Kage Baker loved the autumn. Especially the beginning of it – Harvest Home, still warm in the days but with an edge growing to the nights. Reefs of pumpkins, sheafs of corn, and every garden, park and produce market filling with seasonal floral bounty of every sort. Not to mention the expanding candy aisles …
It’s also time to feel the urge to wander. As the season heads toward winter, the desire to fort up and live off your stores gets stronger and stronger – we always did our biggest shopping trips this time of year, filling the freezer and the pantry with goodies for weeks to come. We ‘d go to CostCo, and Kage would hold up her arms in salute as we got out of the car: “Ah, the Paradise of squirrels!” she’d announce. “Come on, let’s gather nuts!”
And she’d revert to four years old, when she had made tea sets from eucalyptus nuts and ground the yellow calyxes of canna lilies into piles of faux corn. For those trips, she’d be Missy Squirrel as we ran up and down the aisles, squeaking with delight and ferocity as we plundered the cornucopia all around. I’d be laughing so hard I could barely walk, as her OCD squirrel-voice narrated our daring raids on Farmer Brown’s fields. Those punks Peter Rabbit and his gang never had a chance …
The walls between the worlds get thin this time of year. When out with Kage, they turned to freakin’ cheesecloth.
We’d drive up into the hills behind Avila Bay, to the best fruit stand in the world – they had dozens of species of apples, each growing in tiny half-acre orchards carved out of the walls of See Canyon. Kage adored them; we’d buy apples 5 and 10 pounds at a time, and use them in every meal for months. Down in Avila Canyon itself was Avila Barn – which had a candy section, and a honey section, and a jams and chutney section, and its own bakery: run, I think, by some lesser fae like brownies, so amazing were the pies and crumbles and crisps and cobbler that came out of there … the best, this time of year, were hand-sized pumpkin pies, sugar-glazed. Do you like Hostess pies? The ones at Avila Barn would make you weep for the realized ideal of the hand-pie.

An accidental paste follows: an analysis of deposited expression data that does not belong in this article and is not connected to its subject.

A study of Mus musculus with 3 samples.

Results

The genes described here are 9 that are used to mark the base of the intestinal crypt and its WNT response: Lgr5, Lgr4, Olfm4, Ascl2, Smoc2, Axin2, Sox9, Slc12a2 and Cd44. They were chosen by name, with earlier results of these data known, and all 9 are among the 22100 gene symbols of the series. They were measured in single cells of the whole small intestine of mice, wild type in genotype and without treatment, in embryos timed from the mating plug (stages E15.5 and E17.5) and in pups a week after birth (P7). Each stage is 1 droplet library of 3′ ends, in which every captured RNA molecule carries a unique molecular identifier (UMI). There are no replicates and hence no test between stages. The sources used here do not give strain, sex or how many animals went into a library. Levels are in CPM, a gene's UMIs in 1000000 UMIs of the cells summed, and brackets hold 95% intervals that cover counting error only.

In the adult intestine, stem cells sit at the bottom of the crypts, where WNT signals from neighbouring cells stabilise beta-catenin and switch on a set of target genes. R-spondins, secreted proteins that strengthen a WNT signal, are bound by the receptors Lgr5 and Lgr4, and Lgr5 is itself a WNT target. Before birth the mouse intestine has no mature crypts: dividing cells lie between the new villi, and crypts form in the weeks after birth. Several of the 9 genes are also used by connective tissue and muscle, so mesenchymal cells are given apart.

The stacks of pumpkins there were every colour of the rainbow, and piled higher than Kage’s head. There were turban squash in vermillion and scarlet, Humboldt squash in green and turquoise, pumpkins in every permutation of white and yellow and orange: especially where different strains had been planted too close together, and produced gorgeous monsters of hybrid wonder. And the range of size! From tennis balls to Cinderella coaches, something in every size to allow kids to stagger up to their parents holding as much pumpkin as was physically possible. Pumpkins with little legs and eclipsed faces were always wandering blindly all over the place, pleading with horrified parents to be bought.
And the Barn sold mystery cider, the best in the world: no telling what apples went into it, it was whatever didn’t pass muster for the bins or the bakery. The flavour changed subtly every week. And there were whole apples sliced into wedges and covered in hot caramel sauce. And fresh ears of corn roasted in rock salt and butter. And coffee, and good cold milk …
We’d stock up on everything, and then eat all the way home. It took four or 5 trips to get everything upstairs, and the rest of the afternoon to get it put away. Ah, the joys of excess!
This is why there are bags of apples and pears from the Farmers Market all over the kitchen right now. Also, bags and bags of Halloween candy, which are already being raided for their choicer bits. Fresh eggs from a dear friend being methodically devoured. Pickles and chutneys and olives and jellies and compotes like jars of coloured glass. You can’t walk a straight line on the kitchen floor until we get it all stored for the dark months ahead.
It was grand. It’s still grand. Kage loved that safety, that old-fashioned surety that the winter could come down now and you wouldn’t have to eat the seed corn, or Grandma.
Be safe, Dear Readers. Gather your harvests and your loved ones near, and we’ll all live on apples and corn bread until spring.